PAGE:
Transitioning to College Level Writing
Writing in college is significantly different than writing in high school. There is a greater expectation for evidence of critical thinking and adhering to standardized formatting. Students who did very well with writing assignments in high school may find themselves struggling to meet the expectations of college professors. Writing in college requires more than good grammar and reporting the ideas of experts. Students are expected to demonstrate deep thinking, present evidence, and communicate ideas clearly.
This page provides guidelines on the major components of academic writing. Please see the side navigation for other helpful resources on writing in college.
Getting started with an introduction can be the hardest part of writing a paper. The approach to composing an introduction varies between disciplines. For example, an introduction to a Physics lab report is going to look very different than an introduction to a narrative essay. Always follow the guidelines of your assignment. Here are some tips to compose an introduction.
The first sentence often draws the reader in; this is called a hook. Introductions typically move from general to specific information. Use the sentences after your hook to include any necessary context or background information. The reader should be able to tell what your paper is about and the claim, argument, interpretation, or point-of-view you will be supporting. End your introduction with a thesis statement that articulates the major claim of the paper.
The thesis statement is the most important sentence in your paper. It is typically a single sentence that articulates the writer's major claim. The body paragraphs provide evidence and reasoning to support the claim made in the thesis statement. The thesis should give your paper direction and provide a focus for you and your readers by articulating the central argument or claim. Expect to go through several drafts as you develop and refine your claim.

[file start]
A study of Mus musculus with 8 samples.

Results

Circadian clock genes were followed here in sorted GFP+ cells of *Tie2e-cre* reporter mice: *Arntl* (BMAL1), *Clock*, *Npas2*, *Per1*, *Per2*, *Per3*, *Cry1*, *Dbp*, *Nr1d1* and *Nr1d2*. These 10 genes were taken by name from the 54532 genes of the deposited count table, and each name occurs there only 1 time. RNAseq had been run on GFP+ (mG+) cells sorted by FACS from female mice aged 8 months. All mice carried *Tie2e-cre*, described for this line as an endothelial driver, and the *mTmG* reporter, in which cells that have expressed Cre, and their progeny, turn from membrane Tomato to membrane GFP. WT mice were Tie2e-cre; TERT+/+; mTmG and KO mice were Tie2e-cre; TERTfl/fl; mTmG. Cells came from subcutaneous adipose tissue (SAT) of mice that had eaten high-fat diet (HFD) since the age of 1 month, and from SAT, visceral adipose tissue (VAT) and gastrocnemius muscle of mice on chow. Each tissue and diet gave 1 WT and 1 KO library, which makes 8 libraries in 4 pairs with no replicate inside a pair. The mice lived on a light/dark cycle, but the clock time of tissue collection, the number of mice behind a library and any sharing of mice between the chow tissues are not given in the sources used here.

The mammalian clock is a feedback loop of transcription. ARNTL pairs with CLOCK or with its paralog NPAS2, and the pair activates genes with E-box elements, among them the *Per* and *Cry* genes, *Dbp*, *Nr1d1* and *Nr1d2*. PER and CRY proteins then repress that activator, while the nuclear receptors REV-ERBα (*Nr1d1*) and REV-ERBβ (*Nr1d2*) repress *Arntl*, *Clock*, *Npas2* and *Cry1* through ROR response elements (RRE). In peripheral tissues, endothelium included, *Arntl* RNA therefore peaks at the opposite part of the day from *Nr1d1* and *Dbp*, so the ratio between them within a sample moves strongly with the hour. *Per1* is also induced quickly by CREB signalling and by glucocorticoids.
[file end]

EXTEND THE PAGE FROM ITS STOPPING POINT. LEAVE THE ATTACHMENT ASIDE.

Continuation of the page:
A good thesis statement has two main parts:
Statement / Reason
Topic / Opinion
Main idea / Feeling
Making a strong thesis statement
When reviewing a working thesis, ask yourself the following questions:
- Do I answer the question my instructor put forth in the essay prompt?
- Is my thesis too obvious? If no one would argue with your thesis then it's possible you're simply providing a summary or stating a fact rather than making an argument.
- Is my thesis specific? Often a student's first stab at a thesis is broad or vague. Examine the evidence to help you develop a specific, strong argument.
- Does your thesis pass the "so what?" and "how and why" tests? If the reader's first response is "so what?" then you need to clarify or connect to a larger issue. Similarly, if the reader is left wondering "how?" or "why?" then you need to give the reader better guidance on your position.
The ideal place for your thesis statement is at the end of your introduction. Your thesis statement should be reflected in each of your supporting body paragraphs.
For more information on thesis statements, visit:
- Purdue OWL's guide to creating a thesis statement
- Developing a thesis statement when writing about fiction
- Developing a debatable thesis statement
When writing a body paragraph, it is important to give it a topic sentence. This should be the first sentence of that paragraph. The rest of the paragraph should be information that supports or elaborates on the topic sentence. The sentences in this paragraph should act as support to hold up your idea. The paragraph should end by relating your supporting information back to your thesis statement from your introduction paragraph.
Conclusions often wrap up all of the thoughts from the paper and make provide closure to the discussion you have presented. Provide a brief summary of your main points, but do not simply restate the introduction.
A good approach is to look to the future now that you have presented your argument. For instance, what can happen now that your points have been discussed? Another approach is to reflect on what you have learned through writing your paper.
If you feel like you have written all of your thoughts already and still need more pages, go back to the brainstorming/prewriting stage. This can help you come up with new ideas for adding more supporting body paragraphs.
Writing tutors are also wonderful resources to bounce ideas off of and overcome writer's block.